Why are there so many accidents on the M4 around Bridgend?

(Pic: Wales Online)

Accidents on motorways are a fact of life, despite them being generally safer than other road types – everyone’s going in the same direction and the two carriageways are divided by a barrier.

Nevertheless – driver error aside – there’s something about the M4 around Bridgend which makes it an accident blackspot, with another two people losing their lives on the stretch between Pyle and Margam a few weeks ago.

Earlier this year, Wales Online published a Google map showing where accidents have happened along the M4 between 1999 and 2017.

The stretch around Bridgend is particularly dangerous. I count 13 fatal accidents between St Mary’s Golf Club and Kenfig Industrial Estate – near enough the same number as around Newport – and (by my count) a total of 71 serious and fatal accidents combined over the same stretch (working out at about 9 serious or fatal accidents a year).

For once, this can’t be blamed on Bridgend Council – the Welsh Government’s South Wales Trunk Road Agency is responsible for the M4.

I suppose the question is, why do so many accidents happen on this stretch of road?

Bends & Hills – The Bridgend section of the M4 was built in the 1980s and features some extensive engineering to cope with the hills around Bridgend itself – including the Ogmore viaduct. There are some steep climbs and, in some places, fairly sharp corners by motorway standards (like at North Cornelly). This may lull drivers into a false sense of security, particularly if they’re speeding.

Junction Layout – Most of the accidents seem clustered around the junctions. The fact all of the junctions are placed just after or before bends or descents doesn’t help. Drivers might not have enough time to see vehicles coming onto the motorway. Some sliproads at Sarn and Pencoed are quite short, meaning vehicles joining the motorway may be travelling slower than usual, while those exiting may have to brake harder.

Coming out of the Margam bottleneck – The M4 between Carmarthenshire and Port Talbot is two lanes in each direction and around Port Talbot also has a 50mph speed limit. After Junction 38, it widens into 3 lanes and this might lead to drivers stuck behind slow moving traffic accelerating and misjudging the corner around North Cornelly.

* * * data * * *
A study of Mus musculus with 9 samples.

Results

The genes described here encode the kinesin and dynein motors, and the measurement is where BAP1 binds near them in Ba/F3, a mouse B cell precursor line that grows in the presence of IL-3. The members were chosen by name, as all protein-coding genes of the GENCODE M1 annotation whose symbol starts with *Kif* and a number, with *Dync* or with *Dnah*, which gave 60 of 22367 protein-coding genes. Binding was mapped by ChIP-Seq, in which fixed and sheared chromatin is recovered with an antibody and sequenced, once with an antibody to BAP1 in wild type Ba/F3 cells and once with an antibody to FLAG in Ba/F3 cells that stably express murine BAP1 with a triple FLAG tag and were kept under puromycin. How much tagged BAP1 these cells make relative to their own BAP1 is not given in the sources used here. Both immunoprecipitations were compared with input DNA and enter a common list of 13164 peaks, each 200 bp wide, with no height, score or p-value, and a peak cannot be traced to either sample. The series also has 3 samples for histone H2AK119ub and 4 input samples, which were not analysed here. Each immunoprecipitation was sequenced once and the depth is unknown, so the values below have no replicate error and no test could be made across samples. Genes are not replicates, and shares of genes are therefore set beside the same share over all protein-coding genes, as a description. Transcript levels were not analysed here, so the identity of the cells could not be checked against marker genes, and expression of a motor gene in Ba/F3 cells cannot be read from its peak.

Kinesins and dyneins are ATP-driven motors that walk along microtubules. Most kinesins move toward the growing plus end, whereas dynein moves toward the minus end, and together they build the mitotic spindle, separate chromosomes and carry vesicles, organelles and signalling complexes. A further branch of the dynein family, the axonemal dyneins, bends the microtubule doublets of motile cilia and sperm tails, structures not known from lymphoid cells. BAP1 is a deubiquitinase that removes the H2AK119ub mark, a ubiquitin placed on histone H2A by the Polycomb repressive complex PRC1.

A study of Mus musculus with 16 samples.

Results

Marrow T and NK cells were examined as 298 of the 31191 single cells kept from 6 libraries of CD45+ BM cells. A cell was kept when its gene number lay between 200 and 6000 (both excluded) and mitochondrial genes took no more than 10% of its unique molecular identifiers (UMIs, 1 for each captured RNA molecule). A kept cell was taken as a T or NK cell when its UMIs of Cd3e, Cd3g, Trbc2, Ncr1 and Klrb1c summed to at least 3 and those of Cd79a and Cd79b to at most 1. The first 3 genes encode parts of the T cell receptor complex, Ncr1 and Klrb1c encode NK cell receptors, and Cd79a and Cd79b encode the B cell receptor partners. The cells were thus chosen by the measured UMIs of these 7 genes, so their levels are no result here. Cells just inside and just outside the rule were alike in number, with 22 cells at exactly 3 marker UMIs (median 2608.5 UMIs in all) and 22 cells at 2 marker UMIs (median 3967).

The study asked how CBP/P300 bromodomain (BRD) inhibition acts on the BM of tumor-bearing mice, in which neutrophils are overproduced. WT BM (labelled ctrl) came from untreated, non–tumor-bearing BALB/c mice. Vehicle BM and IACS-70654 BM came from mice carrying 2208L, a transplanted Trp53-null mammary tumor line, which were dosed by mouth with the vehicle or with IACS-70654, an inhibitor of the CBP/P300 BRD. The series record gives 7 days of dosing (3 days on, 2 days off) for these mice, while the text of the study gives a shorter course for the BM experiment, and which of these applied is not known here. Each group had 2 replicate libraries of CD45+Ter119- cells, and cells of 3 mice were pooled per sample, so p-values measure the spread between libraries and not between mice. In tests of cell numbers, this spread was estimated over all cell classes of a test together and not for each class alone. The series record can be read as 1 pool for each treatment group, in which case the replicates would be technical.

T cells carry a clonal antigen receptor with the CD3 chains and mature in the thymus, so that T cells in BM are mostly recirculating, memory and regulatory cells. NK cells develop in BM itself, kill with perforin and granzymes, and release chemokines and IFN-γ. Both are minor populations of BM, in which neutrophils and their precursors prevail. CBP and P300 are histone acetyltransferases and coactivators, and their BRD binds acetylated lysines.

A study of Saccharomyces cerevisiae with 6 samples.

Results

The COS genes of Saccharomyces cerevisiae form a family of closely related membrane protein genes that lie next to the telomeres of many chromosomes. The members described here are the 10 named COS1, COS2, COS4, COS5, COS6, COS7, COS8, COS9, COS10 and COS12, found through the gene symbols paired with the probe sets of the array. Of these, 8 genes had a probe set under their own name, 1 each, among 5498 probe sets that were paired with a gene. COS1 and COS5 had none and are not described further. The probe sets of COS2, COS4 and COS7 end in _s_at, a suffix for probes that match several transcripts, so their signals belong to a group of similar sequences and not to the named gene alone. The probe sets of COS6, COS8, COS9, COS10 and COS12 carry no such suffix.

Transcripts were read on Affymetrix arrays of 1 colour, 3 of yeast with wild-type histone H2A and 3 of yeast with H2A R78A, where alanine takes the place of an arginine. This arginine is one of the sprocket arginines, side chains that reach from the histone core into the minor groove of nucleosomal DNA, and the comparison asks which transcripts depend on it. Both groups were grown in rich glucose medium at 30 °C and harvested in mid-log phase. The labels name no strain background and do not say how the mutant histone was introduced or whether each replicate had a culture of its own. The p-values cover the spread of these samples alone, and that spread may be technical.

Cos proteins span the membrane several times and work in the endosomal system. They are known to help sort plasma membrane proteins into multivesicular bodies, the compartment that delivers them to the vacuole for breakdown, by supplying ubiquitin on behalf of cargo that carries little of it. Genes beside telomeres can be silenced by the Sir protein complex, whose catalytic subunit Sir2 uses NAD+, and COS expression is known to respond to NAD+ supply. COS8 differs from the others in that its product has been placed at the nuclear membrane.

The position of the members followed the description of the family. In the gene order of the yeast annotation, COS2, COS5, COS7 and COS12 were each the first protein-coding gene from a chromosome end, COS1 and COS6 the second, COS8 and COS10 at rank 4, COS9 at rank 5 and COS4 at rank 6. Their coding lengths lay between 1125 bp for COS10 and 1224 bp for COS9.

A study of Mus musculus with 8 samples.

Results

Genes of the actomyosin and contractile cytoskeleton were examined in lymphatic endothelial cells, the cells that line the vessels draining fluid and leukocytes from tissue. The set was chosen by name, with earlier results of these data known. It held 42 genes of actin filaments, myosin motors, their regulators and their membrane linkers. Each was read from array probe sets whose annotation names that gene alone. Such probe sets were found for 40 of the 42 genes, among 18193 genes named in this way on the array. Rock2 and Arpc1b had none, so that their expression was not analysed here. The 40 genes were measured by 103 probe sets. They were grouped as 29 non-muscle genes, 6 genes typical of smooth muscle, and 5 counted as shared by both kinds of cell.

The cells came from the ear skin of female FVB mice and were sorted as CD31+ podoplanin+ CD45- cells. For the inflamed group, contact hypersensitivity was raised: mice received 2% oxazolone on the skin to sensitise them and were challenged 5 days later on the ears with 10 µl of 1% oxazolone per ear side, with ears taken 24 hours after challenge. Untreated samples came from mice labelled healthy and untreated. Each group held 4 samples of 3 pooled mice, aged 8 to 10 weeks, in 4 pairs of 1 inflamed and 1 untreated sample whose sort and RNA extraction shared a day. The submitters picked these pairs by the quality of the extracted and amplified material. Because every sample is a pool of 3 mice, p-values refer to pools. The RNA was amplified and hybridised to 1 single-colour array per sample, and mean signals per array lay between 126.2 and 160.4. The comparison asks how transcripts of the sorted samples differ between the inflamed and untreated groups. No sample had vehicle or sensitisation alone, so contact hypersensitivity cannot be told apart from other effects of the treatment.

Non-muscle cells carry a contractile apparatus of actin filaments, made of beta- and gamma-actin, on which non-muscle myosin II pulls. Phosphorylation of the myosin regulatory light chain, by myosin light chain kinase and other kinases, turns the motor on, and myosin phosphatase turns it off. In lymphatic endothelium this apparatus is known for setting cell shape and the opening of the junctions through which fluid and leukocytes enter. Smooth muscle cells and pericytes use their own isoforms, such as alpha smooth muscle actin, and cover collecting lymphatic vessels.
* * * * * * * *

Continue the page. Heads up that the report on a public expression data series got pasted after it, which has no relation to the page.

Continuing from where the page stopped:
Microclimate – The M4 around Bridgend is about 50m higher than the surrounding land and has a claim to be the highest part of the motorway network in Wales at around 115-120m. It’s also exposed on both sides for most of its length with little either side to shelter it. This means when it rains it’s often a driving rain while vehicles will be exposed to crosswinds on the Ogmore Viaduct and near Margam. The lower lying land around the motorway produces a lot of fog too when the conditions are right.

Poor maintenance – While this isn’t a problem unique to Wales there are stretches of motorway full of potholes and worn surfaces which, while unlikely to directly contribute to accidents, will give drivers unexpected surprises. I don’t believe there are any specific problems around Bridgend, but there have been problems at the Swansea end.

What can be done?

I don’t know, to be honest. The key thing is for drivers to take greater care, but in terms of dealing with some of these issues, improved drainage, a rolling programme of resurfacing, introducing longer slip roads (where physically possible), remodelling junctions and maybe introducing so-called “smart motorway” technology between Pencoed and Swansea might go some way towards making the M4 safer.

The question, as always, is who would pay for it? As said, the motorway itself is a Welsh Government responsibility, but Bridgend Council may or may not have an influence on junction design.